Sovereignty is a key concept within international relations. It is commonly used in the real world – it is enshrined within the workings of international institutions and has been a contested concept within the Brexit discourse and Chinese foreign policy.
Sovereignty is also very common in International Relations discipline. It is a key assumption in realism and neo-liberal institutionalism. Moreover, the idea of sovereignty is a key component of IR constructivist scholarship when discussing the emergence of the norm of Responsibility to Protect (R2P). Sovereignty is, moreover, a primary institution in English School literature.
With its prevalence in International Relations discipline, it should not be surprising that it remains a contested concept and there does not seem to be a settled definition on what “sovereignty” really is.
The modern concept of sovereignty is first developed by Bodin, who stated that sovereignty is the absolute power over a territory which only obligations and conditions are dictated by God and nature.
Sovereignty as a norm – Principle of sovereignty as a grundnorm of international society, and widely taken up by the constructivist literature in International Relations as a crucial norm which guides the actions of actors in the international stage
Complementary definitions of internal/external sovereignty – Internal sovereignty as supreme authority within a territory’s inhabitants, while external sovereignty as independence from unwanted intervention by an outside authority.
Pooled sovereignty – The sharing of decision-making power amongst members, most notably seen in the European Institution.
Conditional sovereignty – The notion of conditionality has become more prominent since the 1980s and 1990s, which placed the traditional concepts of sovereignty up against human right norms in international societies. Sovereignty is therefore a “responsibility” (Responsibility to Protect) and should not be regarded as absolute.
Despite the discussions of sovereignty being very common in IR discipline and the real world, it still remains a western-centric concept. Indeed, the idea of a system of sovereign states established in 1648 in the Treaty of Westphalia remains one of the founding myths of International Relations discipline.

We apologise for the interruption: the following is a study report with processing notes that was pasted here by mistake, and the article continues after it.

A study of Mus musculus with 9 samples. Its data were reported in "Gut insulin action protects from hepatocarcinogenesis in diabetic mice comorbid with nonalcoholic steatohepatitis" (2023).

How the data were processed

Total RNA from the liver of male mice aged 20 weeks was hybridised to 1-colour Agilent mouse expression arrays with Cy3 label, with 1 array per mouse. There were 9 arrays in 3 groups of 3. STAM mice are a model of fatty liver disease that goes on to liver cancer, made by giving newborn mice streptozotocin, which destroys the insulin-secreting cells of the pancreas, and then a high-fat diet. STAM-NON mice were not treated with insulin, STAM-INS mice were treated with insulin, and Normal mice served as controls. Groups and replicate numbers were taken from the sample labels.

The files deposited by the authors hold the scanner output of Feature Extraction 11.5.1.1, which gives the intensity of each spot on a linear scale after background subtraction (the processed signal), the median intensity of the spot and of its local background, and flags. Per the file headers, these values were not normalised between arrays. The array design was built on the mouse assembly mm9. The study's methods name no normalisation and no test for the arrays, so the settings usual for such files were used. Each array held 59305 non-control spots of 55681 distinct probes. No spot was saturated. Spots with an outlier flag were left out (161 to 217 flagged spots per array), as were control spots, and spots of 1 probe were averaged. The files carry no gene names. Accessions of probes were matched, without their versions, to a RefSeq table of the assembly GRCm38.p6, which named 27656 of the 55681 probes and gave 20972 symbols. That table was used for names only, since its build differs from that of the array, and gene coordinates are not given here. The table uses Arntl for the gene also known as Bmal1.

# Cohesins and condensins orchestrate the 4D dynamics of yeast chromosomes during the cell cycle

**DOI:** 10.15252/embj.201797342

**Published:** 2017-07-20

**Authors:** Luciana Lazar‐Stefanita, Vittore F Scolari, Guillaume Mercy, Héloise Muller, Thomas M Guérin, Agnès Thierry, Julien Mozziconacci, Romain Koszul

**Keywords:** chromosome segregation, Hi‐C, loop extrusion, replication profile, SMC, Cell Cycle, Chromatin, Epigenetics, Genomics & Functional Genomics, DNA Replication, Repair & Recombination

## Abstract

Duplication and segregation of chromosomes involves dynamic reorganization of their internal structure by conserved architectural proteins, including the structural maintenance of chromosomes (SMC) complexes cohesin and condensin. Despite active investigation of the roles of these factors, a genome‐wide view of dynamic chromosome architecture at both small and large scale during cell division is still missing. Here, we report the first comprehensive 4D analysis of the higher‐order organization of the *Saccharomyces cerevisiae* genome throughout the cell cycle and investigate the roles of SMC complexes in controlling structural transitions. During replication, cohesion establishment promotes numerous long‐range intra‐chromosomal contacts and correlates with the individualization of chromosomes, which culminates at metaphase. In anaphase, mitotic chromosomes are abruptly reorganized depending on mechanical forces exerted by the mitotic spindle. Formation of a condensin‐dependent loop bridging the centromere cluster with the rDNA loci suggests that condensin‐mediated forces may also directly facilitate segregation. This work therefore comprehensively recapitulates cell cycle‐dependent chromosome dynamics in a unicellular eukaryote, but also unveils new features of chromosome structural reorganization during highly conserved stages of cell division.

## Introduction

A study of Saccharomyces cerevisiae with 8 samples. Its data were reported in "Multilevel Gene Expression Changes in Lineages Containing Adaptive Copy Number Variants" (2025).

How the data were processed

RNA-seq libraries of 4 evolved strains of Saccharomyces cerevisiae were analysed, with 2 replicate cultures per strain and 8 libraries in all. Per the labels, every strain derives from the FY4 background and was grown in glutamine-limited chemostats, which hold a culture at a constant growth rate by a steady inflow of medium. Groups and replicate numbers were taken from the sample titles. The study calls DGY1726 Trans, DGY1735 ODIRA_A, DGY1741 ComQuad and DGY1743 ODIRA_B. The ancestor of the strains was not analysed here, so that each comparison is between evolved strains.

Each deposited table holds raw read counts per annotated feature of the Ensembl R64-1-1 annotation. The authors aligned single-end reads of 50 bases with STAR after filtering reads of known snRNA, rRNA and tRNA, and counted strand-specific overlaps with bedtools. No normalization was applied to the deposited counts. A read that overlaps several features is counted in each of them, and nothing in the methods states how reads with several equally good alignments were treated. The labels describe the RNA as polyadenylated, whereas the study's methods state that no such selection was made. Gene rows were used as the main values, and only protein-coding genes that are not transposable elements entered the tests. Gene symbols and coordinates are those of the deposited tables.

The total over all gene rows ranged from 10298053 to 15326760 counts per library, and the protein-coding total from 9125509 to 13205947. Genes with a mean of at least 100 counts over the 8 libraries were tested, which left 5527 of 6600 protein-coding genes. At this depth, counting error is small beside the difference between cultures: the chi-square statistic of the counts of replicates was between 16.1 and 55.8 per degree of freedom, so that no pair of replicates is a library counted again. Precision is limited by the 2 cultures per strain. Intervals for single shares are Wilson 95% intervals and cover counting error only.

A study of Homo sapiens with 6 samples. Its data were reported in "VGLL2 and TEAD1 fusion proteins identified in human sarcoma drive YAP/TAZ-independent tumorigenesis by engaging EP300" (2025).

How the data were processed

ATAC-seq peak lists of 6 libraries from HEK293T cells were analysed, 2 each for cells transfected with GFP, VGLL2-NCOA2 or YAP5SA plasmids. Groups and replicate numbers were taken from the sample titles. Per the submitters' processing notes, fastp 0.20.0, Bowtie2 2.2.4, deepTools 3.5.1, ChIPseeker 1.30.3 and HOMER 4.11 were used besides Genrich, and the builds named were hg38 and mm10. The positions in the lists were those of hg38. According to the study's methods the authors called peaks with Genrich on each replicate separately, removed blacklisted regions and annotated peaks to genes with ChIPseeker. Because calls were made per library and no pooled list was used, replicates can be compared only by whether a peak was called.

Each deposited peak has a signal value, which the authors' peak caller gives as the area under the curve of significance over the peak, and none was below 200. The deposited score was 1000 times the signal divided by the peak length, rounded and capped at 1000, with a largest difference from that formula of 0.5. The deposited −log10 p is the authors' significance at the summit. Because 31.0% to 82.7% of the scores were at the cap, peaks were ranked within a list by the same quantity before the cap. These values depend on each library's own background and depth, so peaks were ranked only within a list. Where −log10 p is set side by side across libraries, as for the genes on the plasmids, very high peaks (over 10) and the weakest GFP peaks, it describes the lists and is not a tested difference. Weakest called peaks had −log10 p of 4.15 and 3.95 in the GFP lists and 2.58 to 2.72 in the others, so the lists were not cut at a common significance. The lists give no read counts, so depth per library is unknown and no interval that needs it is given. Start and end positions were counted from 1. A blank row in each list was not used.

This piece therefore attempts to provide a different approach towards sovereignty, as expressed in Chinese official documents. The piece that will I will be focusing on is 坚持和运用好毛泽东思想活的灵魂, a speech that President Xi made in 2013.
In this speech, President Xi talks about the importance of sovereignty (独立自主). Importance of sovereignty in the Chinese context is threefold.
Firstly, sovereignty is crucial for China due to its internal conditions and lessons from history.
Therefore, sovereignty is not only that external forces should not interfere with China’s internal affairs, but that sovereignty is also linked to China developing its own developmental path. The speech suggests that due to China’s internal conditions – a large population and a national economy that is relatively backwards, China needs to unerringly continue on with their own development path and not be attracted or swayed by external pressures.
Secondly, sovereignty is essential for China because it prevents China from relying on external forces, as it will have detrimental effects for China.
Here President Xi expresses the idea that if a country relies on external forces to grow, the outcome for the country will either be failure or becoming subordinate to other countries.
Finally, sovereignty is crucial to protecting China’s model of socialism with Chinese characteristics.
Sovereignty is, as perceived by China, a necessary pre-condition for the enactment of China’s model of socialism with Chinese characteristics. China’s insistence on the international community to respect China’s sovereignty seems therefore to be a justification for China’s model of Socialism with Chinese characteristics. If China’s sovereignty is breached in any way shape or form, it may delegitimise China’s model.
Sovereignty, and the notion of 独立自主, therefore has a particular context when placed in the Chinese context. In particular, sovereignty in the Chinese context is a necessary pre-condition for the CCP to adopt its model of Socialism with Chinese Characteristics and pursue the Chinese Dream. Understanding how the CCP understands sovereignty can lead to a better understanding of how and why the China’s foreign ministry respond in relation to international community’s accusations on Xinjiang, Taiwan and Hong Kong.